Not Like The Movies

Nobody tells you that terminal cancer is not like in the movies.

You can’t put your life on hold and all gather around the sick person. It doesn’t work like that. You have to carry on with life, living each day as well as you can. Never able to fully forget or let go; your hand permanently attached to your phone, waiting for the next text or phone call.

Nobody mentions that cancer isn’t linear. You can spend a weekend with an unresponsive parent; coming to terms with saying goodbye… and then they come back to life. Nobody can tell you how long they’ve got left. You always have to be prepared.

Nobody warns you that you will lose friends. Because transitioning between real life and hospital life becomes too hard. Hospital feels clinical and safe and moving back out into the world is overwhelming. They don’t warn you that you will be so tired from traveling back and forth, from holding yourself together and being there for everyone else that you forget to reply to texts. Friends become strangers.

Nobody talks about how traumatic it is. The nights spent curled up, crying, wondering if life will ever settle again. They don’t talk about how the dying person tries to leave you with bits of them. How they plan 30 years into your future whilst you’re struggling to accept the now. They don’t talk about what happens after death; when the person is gone and you have to develop a new normal.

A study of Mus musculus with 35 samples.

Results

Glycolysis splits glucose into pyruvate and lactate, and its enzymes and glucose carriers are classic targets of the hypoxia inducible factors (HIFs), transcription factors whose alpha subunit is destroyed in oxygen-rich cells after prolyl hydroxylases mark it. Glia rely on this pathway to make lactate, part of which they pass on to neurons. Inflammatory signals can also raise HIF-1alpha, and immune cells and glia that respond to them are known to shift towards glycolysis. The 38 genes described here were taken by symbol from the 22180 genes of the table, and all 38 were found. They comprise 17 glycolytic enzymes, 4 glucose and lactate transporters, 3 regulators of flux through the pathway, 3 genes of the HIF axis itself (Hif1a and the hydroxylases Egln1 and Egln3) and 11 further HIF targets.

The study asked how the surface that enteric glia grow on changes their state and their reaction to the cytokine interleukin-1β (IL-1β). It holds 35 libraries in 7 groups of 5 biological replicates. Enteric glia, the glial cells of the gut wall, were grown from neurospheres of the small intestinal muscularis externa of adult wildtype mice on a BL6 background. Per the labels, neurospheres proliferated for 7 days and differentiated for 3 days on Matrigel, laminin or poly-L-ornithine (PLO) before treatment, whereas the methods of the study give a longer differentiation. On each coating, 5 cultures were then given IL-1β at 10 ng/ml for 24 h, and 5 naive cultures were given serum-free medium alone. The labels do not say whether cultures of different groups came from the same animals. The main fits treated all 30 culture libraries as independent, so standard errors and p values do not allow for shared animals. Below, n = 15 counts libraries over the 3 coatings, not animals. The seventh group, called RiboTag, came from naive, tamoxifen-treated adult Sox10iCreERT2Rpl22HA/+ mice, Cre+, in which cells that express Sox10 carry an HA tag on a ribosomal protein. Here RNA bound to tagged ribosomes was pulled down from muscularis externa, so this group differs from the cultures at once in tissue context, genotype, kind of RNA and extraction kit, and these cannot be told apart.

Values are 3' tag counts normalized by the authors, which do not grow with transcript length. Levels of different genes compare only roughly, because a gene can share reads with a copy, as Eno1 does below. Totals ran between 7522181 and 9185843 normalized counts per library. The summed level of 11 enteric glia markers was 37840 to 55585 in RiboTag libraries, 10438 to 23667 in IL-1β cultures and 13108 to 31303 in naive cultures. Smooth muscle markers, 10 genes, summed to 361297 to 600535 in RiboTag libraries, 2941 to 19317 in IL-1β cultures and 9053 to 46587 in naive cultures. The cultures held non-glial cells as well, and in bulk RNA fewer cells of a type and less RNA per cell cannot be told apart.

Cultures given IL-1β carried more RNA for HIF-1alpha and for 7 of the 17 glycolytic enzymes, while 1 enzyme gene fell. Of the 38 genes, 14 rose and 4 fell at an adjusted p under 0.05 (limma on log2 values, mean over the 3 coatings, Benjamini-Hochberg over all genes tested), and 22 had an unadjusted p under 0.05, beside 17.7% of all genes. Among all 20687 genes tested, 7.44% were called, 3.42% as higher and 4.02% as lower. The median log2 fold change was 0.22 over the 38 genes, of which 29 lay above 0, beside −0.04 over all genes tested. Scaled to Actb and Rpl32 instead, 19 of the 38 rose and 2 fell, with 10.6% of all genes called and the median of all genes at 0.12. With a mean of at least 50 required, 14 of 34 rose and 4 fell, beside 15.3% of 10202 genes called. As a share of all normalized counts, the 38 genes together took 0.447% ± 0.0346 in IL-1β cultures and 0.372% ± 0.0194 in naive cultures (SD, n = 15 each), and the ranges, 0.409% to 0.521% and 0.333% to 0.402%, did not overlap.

Nobody can ever understand what it’s like, unless they’ve been through it. How your whole life can be on hold but also moving so fast. How you learn to play a part, act out a role, paint the right picture. They can never understand how much it physically and emotionally hurts, or how your whole body can cry.

Nobody warns you that it’s not like the movies. You can’t switch off when you start crying. You can’t pause it when it gets too difficult. There are no balloons, no presents from big companies, no meetings with famous people. There is just you, your family, your friends, and your loved one attempting to make some sense of a situation which has no meaning. Working together to find some peace, acceptance, and the courage to keep going.